Congress recently passed, and the President said he will sign, a new law containing what’ known as “the doc fix.” Some years ago Congress decided to save money on Medicare and Medicaid by setting up a schedule that reduced the amounts that would be paid to doctors. The reimbursement schedule was unrealistically low, often paying doctors less than their costs for services. So, each year Congress would change the law for one year only.
This year, Congress finally decided to come together with a permanent fix for doctors and for some hospital payments. Of course, this results in more money being paid to those medical providers, so someone has to pay for it. One group that will be paying for it is Medicare beneficiaries, but not for several years. This article describes many of the provisions and can help with your longer-term planning.
Starting in 2018, wealthier Medicare beneficiaries (individuals with incomes above $133,500, with thresholds higher for couples), would pay more for their Medicare coverage, a provision expected to impact 2% of beneficiaries.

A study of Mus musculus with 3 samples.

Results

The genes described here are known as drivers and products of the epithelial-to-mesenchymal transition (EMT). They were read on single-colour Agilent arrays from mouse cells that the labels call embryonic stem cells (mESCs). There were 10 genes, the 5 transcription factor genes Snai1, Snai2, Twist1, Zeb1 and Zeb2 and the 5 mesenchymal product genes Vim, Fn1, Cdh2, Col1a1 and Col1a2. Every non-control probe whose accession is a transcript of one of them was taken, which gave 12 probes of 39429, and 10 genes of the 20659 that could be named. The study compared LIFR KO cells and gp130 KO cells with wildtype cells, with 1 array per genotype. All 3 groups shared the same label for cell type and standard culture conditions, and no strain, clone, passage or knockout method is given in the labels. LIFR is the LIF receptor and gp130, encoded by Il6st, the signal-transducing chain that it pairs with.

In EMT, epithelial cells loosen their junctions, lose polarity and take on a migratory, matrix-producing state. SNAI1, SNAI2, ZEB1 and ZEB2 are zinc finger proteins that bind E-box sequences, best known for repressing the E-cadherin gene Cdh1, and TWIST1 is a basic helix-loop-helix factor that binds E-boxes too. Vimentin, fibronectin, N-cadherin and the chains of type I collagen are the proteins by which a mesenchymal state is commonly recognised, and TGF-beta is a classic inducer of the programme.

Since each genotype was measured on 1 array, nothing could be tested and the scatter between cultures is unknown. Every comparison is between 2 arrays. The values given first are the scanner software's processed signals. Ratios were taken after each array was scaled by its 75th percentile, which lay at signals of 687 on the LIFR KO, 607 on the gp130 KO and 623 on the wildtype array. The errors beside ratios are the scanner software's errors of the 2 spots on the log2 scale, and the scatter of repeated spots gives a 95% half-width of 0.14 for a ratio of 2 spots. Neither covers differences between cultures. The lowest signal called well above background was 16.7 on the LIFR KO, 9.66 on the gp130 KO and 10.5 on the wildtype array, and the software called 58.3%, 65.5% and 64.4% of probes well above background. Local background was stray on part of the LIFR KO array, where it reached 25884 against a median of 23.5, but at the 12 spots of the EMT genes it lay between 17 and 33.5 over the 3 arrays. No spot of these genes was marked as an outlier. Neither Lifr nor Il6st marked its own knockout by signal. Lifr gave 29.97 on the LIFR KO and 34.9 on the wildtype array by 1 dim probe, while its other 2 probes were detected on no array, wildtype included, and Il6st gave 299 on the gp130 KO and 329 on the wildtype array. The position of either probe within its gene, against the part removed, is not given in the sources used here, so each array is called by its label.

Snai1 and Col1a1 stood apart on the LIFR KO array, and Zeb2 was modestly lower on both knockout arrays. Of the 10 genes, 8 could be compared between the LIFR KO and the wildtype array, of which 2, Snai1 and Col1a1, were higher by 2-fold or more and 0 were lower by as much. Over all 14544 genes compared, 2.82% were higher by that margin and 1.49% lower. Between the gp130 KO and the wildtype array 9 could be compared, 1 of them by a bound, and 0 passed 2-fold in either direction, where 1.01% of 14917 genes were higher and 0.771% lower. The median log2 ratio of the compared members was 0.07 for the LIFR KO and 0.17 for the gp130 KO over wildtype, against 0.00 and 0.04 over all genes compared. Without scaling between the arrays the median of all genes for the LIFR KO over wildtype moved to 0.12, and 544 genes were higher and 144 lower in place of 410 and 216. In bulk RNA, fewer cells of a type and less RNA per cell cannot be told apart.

In addition, starting in 2020, “first-dollar” supplemental Medicare insurance known as “Medigap” policies would not be able to cover the Part B deductible for new beneficiaries, which is currently $147 per year but has increased in past years. If the policy had been implemented in 2010, it would have affected Medigap coverage for roughly 10% of all 65-year-olds on Medicare, according to an analysis from the Kaiser Family Foundation. Based on declining Medigap enrollment trends among 65-year-olds, expect this policy to impact a smaller share of new Medicare beneficiaries in the future, according to the study. (KHN is an editorially independent program of the foundation.)